As one travels through the scrubland forest of the Kumana National Park, it is not just an encounter with the magnificent mammals and reptiles of Sri Lanka. It is more an adventurous opportunity to feel the heartbeat and circle of life of the Eastern wilds.
Words Keshini de Silva
Photographs Menaka Aravinda
It was past 3pm as we travelled through quiet Okanda, yet the sun beamed ferociously bright while a balmy breeze swept across. Our aim was to visit the undisturbed habitat of the Eastern Province, the Kumana National Park.
Before our journey of discovery however, a stop at the Ukanthamalai Murugan Kovil was customary. Also called the Okanda Temple, it sits on the border of the national park and is an important stop during the annual Pada Yatra or pilgrimage on foot from Jaffna to Kataragama. The radiant kovil at the foot of the burly Okanda Malai, which is said to be a place that offered Lord Murugan respite, is therefore dedicated to the deity. The shrine on the malai is the Valli Amman Kovil. Our brief visit to this sacred place impressed upon us the vibrancy and the religious fervour in the East of Sri Lanka.
Journeying on farther, we were soon within the rustic, untamed and shrubbery green of Kumana, a wild preserve spanning 35,665 ha. Before the Yala East National Park, Kumana was designated a national park in its own right in 2006 because of its environmental importance. As our eyes prepared to squint and survey out the elusive wildlife of this park, our ears rang with the howls, caws and whispers of this land. After we were within the thick of the forest, having left civilisation far behind, a serpent eagle greeted with a weary eye. Discreetly the jeep steered past a herd of spotted deer. As we neared a majestic stag with beautiful antlers pricked up its ears and stood fast on alert until the herd disappeared into the thicket. A wild boar strutted past us snorting a hello before sniffling along for food to satisfy its hunger.
Signalling our good fortune, the sky cleared, and the dim evening light focused on a grandiose leopard.
Our initial encounter with the gentle giants of this landscape was a few turns later, where a charming lone female elephant slowly crossed the dirt road. Surveying the land, it retreated to the bush at its own pace, unhurried by our presence. Through the leaves, we saw her pause for a moment and suddenly she let lose a trunkful of dust on her head; leaving the elephant to its cleansing ritual, we rushed to the rock formation called Girukula.
Girukula is the pride rock of Kumana. Here, on most occasions, lurks the Prince of the Island’s wild, the Sri Lankan leopard (Panthera pardus kotiya). Signalling our good fortune, the sky cleared, and the dim evening light focused on a grandiose leopard. Lucky we were to glimpse the royalty of Kumana. Minutes passed unaware to us as we peered at the leopard through rustic foliage, adrenalised by even the slowest of movements of the resting beast. For a brief moment something caught its attention and it perked its head up, and then turned its head away.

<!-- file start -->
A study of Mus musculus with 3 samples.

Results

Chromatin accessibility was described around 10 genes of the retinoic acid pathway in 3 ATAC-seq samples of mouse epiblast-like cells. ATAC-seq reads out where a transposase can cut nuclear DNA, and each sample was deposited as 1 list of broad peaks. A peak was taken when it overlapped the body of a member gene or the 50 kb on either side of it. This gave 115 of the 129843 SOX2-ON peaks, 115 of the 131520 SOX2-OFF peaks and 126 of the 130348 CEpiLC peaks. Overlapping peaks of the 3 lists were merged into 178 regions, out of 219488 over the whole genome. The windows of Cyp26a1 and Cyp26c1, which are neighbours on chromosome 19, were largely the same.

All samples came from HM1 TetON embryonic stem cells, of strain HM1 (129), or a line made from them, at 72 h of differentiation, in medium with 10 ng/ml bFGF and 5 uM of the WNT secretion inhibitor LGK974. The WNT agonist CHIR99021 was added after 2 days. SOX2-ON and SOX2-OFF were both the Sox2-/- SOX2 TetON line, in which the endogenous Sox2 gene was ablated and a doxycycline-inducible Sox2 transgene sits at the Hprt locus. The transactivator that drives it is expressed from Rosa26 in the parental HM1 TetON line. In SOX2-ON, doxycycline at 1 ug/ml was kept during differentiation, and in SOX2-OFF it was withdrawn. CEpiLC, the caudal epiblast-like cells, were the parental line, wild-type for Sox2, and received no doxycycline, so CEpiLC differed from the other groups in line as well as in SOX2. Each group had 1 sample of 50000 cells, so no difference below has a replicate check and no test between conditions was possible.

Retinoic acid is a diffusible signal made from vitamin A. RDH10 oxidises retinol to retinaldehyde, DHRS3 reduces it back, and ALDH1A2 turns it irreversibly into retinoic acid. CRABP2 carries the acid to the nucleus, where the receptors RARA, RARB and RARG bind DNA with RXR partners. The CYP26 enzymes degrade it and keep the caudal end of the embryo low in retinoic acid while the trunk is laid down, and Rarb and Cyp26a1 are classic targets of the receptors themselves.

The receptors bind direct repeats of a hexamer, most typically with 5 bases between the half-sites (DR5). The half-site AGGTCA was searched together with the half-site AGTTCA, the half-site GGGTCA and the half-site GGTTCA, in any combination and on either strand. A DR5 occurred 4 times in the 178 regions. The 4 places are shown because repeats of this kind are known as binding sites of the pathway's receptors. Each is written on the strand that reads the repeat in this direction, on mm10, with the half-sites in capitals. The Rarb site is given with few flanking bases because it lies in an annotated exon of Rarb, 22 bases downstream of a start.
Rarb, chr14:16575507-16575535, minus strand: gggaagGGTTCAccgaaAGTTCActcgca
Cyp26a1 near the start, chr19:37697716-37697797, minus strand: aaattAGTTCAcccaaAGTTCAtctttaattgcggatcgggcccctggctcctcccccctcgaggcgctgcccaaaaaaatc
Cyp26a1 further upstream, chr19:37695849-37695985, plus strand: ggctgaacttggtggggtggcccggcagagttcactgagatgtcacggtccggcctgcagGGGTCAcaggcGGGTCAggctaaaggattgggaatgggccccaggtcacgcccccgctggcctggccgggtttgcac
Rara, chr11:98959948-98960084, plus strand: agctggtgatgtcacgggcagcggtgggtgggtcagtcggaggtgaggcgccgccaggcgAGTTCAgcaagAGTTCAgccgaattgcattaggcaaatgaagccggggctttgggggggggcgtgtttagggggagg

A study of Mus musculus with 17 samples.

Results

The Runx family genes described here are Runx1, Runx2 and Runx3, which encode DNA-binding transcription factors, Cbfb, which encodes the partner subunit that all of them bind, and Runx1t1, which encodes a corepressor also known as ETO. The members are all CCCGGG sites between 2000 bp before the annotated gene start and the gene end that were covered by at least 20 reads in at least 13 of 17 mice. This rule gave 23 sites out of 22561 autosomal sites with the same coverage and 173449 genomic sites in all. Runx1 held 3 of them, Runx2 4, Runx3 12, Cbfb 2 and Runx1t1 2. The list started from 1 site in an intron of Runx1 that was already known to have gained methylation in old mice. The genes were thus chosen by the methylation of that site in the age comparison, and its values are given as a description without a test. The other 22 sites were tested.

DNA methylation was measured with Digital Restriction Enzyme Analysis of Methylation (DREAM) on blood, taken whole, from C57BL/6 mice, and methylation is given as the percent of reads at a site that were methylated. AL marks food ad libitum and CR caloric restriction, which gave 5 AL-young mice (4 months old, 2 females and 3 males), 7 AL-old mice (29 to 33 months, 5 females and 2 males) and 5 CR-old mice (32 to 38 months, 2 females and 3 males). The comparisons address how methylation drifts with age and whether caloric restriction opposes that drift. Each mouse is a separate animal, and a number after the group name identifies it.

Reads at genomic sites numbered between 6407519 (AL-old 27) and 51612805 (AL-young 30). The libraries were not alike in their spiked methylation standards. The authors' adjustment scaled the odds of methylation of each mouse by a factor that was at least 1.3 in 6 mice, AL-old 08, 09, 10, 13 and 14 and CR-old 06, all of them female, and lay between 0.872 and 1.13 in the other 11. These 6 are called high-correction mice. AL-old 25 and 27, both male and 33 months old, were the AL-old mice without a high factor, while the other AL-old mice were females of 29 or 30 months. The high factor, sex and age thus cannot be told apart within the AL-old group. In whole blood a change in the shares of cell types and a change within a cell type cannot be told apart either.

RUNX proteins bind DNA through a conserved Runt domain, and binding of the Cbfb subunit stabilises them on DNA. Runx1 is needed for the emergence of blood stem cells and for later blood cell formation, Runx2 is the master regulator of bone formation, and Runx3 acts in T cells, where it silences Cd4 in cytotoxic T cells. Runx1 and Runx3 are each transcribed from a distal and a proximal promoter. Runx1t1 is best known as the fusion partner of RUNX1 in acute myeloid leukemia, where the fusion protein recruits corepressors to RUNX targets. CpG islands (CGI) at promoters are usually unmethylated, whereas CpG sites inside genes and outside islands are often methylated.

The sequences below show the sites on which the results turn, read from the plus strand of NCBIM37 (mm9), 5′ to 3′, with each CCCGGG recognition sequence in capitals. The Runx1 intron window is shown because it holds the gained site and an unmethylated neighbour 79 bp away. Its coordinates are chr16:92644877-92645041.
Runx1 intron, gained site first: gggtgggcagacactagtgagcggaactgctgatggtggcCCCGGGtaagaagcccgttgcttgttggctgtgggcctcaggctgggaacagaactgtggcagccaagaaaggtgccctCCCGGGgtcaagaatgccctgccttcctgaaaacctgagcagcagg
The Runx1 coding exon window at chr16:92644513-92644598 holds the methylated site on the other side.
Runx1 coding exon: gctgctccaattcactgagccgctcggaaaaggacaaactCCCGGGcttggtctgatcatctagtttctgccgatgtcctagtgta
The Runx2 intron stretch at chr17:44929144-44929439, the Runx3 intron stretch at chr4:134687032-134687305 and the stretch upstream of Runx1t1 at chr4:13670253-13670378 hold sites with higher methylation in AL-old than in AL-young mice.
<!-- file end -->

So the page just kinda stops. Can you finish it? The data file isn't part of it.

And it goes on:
Another mesmerising site greeted us at the known watering hole called the Kumana Villu. The mangrove filled body of water was a mesmerising expanse; a paradise for the wild in Kumana. What seemed to like kirala (Sonneratia caseolaris) to our untrained eye symmetrically emerged from the lotus filled waters. This villu among other mangroves, salt marshes, reservoirs, lagoons and estuaries is the reasoning behind the national park being recognised as the Kumana Wetland Cluster Ramsar Site as well as an important wetland. On drooping branches of trees soaked in the villu, flocks of pelicans rested, most with heads drooping down while a few others had their gaze fixated on the slimy green for a fresh catch. We soon zoomed in on a woolly-necked stalk, preening its feathers and later witnessed the elegant dance of the peacock. Our sagacity in staying for longer at the watering hole was then rewarded by the sight of a lone bull elephant softly quenching its thirst.
Quick rustle in the shrubs, our eyes darted on alert, spotting an enormous crocodile snoozing and cooling off on the moist earth in a shady spot. Indian or Oriental darters, with their snake-like necks coiling out, alerted us towards the downcast sky, which threatened with rain. Satisfied and revitalised after rekindling our connection with nature, we left Kumana pa. Couple of Malabar Pied Hornbills, in intense conversation, watched our departure.
An exploration through the Kumana National Park will surely enchant and excite you with rare glimpses of several animals in their element. A natural jewel, it is a valuable national treasure.